Michael Baertschi, PhD, MSc Mmed Education FAAO
Michael Wyss, MSc FAAO
Simon Bolli, Eidg dipl Augenoptiker
Marc Fankhauser, Eidg dipl Augenoptiker
Orthokeratology plays an increasingly greater role in the specialty contact lens practice. Topography is essential while fitting orthokeratology. However, the function of the different mapping opportunities is often unknown and underused. In this case report, we will highlight the importance of using difference mapping tools to ensure patients’ optimal vision and to avoid pitfalls during the orthokeratology fitting procedure.
A 32-year-old female Caucasian started wearing orthokeratology lenses 6 months ago. The patient complained of increasing vision problems OD, for distance and near, with her current orthokeratology lens. BCVA dropped from an initial 1.25 down to 0.80. No correctable residual astigmatism was found during subjective refraction. The fluorescein pattern showed an adequate fit, without any abnormalities. Sagittal topography showed no abnormalities except for some toricity that corresponds with the initial 0.7D corneal astigmatism before treatment (Figure 1)
Figure 1: sagittal mapping
The toricity (0.8D) is more apparent in the tangential map, but these regular findings did not represent the cause of the drop in visual acuity. (Figure 2)
Figure 2: tangential mapping and toric treatment zone
If residual astigmatism had caused the visual problems, a toric over-refraction should have restored the visual acuity. Difference mapping offers the ability to compare the initial with the current topography measurement in a subtractive picture. When evaluating the difference map, the reason for the visual problems became obvious. A central island (red circle) was present, with a 0.91D power difference. This classic orthokeratology problem would have been overlooked by the above prescribed topography presenting methods. (Picture 3)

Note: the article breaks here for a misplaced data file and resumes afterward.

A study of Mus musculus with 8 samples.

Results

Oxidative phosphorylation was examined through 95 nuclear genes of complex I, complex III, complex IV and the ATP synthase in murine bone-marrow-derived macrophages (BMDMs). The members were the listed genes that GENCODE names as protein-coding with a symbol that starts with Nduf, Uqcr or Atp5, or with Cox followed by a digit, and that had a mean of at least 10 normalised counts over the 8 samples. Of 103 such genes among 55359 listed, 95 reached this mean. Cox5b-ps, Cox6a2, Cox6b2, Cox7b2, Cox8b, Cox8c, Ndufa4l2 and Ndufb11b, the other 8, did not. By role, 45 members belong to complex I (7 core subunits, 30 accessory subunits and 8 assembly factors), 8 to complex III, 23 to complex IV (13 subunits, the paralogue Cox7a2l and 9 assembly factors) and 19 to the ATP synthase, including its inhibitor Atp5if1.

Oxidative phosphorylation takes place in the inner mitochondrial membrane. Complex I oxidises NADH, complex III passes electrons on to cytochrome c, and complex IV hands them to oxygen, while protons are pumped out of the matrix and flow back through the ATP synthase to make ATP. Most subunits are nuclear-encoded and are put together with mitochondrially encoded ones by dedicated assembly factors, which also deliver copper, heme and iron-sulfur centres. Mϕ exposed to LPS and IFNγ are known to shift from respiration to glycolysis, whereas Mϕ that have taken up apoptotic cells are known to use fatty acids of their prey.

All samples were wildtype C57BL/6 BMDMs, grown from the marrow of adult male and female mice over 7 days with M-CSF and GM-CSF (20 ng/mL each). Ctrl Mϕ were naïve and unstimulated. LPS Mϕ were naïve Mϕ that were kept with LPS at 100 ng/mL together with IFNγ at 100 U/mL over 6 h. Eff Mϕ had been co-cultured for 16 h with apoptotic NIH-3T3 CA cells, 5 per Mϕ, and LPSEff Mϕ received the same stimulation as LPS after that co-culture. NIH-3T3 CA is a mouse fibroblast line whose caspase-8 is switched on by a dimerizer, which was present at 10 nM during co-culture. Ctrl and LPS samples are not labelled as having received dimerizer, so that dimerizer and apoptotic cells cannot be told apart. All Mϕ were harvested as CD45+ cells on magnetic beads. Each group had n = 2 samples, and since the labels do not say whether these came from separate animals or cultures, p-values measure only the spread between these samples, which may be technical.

Figure 3: difference map presenting central island (red circle)
Knowing this, troubleshooting was easy: the landing zone was flattened, and the central island disappeared. As a result, visual acuity returned to the initial level.
Difference mapping should be performed as a standard evaluation during an orthokeratology fitting procedure to ensure patients’ visual outcome and to avoid fitting pitfalls. Due to its subtractive calculation of baseline and current measurements, this represents a more adequate evaluation of the orthokeratology fitting compared to sagittal or tangential mapping alone. Additionally, because the software also provides the topography change in dioptric values, the residual ametropia can be estimated exactly and represents additional objective information for the subjective refraction.
Michael Baertschi was the senior optometrist at the University Eyehospital Basel from 2000 to 2007. He is the owner of Kontaktlinsenstudio Baertschi in Bern, Switzerland and the CEO of Eyeness AG in Bern. Michael graduated from Pennsylvania College of Optometry as MSc Optom. and from the University of Bern as Mmed in Education and he did his PhD in Biomedicine at Salus University in the USA. Michael is a fellow of the American Academy of Optometry and president of the Swiss Interlens group.
Michael Wyss graduated from Olten SHFA in Switzerland and did his MSc at the Hochschule Aalen Germany (in cooperation with New England College of Optometry and Pacific University, USA). Since 1999 he has worked in a private practice (kontaktlinsenstudio Baertschi in Bern, Switzerland) as Optometrist for specialty contact lens fitting. Additionally, he is an adjunct Faculty Member at the New England College of Optometry USA, Hochschule Aalen Germany, TVCI in Prague (Czech Republic) and FHNW Optometry in Olten Switzerland. Michael is a clinical investigator for several industry partners and has published or lectured on several topics in the contact lens field throughout the world. Michael is a Fellow of the American Academy of Optometry and serves as a the vice chairman of the Admittance Committee for new Fellows outside the USA.